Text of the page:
The group of women made history as the largest group of Black female judges to be elected at one time Harris County, the largest county in the state. The women include Judges Shannon Baldwin, Lucia Bates, Ronnisha Bowman, Sharon Burney, Lori Chambers Gray, Dedra Davis, Linda Dunson, Toria Finch, Ramona Franklin, Angela Graves-Harrington, Cassandra Holleman, Erica Hughes, Maria Jackson, Tonya Jones, Latosha Lewis Payne, Michelle Moore, Sandra Peake, Germaine Tanner, and LaShawn Williams.
They previously made headlines in November during the historic midterm elections, which saw an increase in the diversity of elected officials.
The Harris County Democratic Party shared photos from the swearing-in ceremony.
“Today we usher in a new era of representative government and progressive leadership in Harris County,” the group captioned the images.
It’s a brand new day in Harris County! Swearing in of the Newly Elected County Officials and Judges.
— Harris Democrats (@harrisdemocrats) January 1, 2019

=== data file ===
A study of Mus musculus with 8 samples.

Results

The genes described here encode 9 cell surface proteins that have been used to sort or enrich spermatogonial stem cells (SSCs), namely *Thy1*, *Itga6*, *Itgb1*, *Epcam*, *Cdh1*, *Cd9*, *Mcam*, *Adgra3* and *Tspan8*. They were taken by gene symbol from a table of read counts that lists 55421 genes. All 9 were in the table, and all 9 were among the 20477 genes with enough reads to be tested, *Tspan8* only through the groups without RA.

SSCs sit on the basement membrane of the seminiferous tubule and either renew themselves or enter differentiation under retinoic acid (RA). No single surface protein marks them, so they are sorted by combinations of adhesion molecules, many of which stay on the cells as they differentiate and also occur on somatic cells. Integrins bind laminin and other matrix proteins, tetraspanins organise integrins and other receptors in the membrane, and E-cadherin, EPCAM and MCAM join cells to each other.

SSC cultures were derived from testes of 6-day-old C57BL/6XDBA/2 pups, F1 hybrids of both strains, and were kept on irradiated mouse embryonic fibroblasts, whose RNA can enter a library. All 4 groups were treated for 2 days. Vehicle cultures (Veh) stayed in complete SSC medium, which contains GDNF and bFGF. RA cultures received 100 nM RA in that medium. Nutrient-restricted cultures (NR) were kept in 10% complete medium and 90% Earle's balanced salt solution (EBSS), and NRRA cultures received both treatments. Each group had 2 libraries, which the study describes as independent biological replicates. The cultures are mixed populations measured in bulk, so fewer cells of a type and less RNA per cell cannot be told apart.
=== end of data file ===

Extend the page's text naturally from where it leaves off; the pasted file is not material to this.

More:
County Judge Lina Hidalgo, the 27-year-old Colombian immigrant who unseated longtime judge Republican Ed Emmett in November, was also sworn in alongside Black Girl Magic Texas.
“We made history in Harris County on Nov. 6 by electing a talented group of individuals who reflect the people and communities we serve,” Hidalgo said in a statement about the ceremony. “That would not have been possible without the support of the residents of Harris County.”
What a privilege to stand with this group of men and women. I am honored to lead Harris County’s newly elected officials. pic.twitter.com/S61Mrp5Duu
— Lina Hidalgo (@LinaHidalgoTX) January 1, 2019
According to the Houston Chronicle, 43 percent of Harris County is Hispanic, and approximately 20 percent of its residents identify as African-American.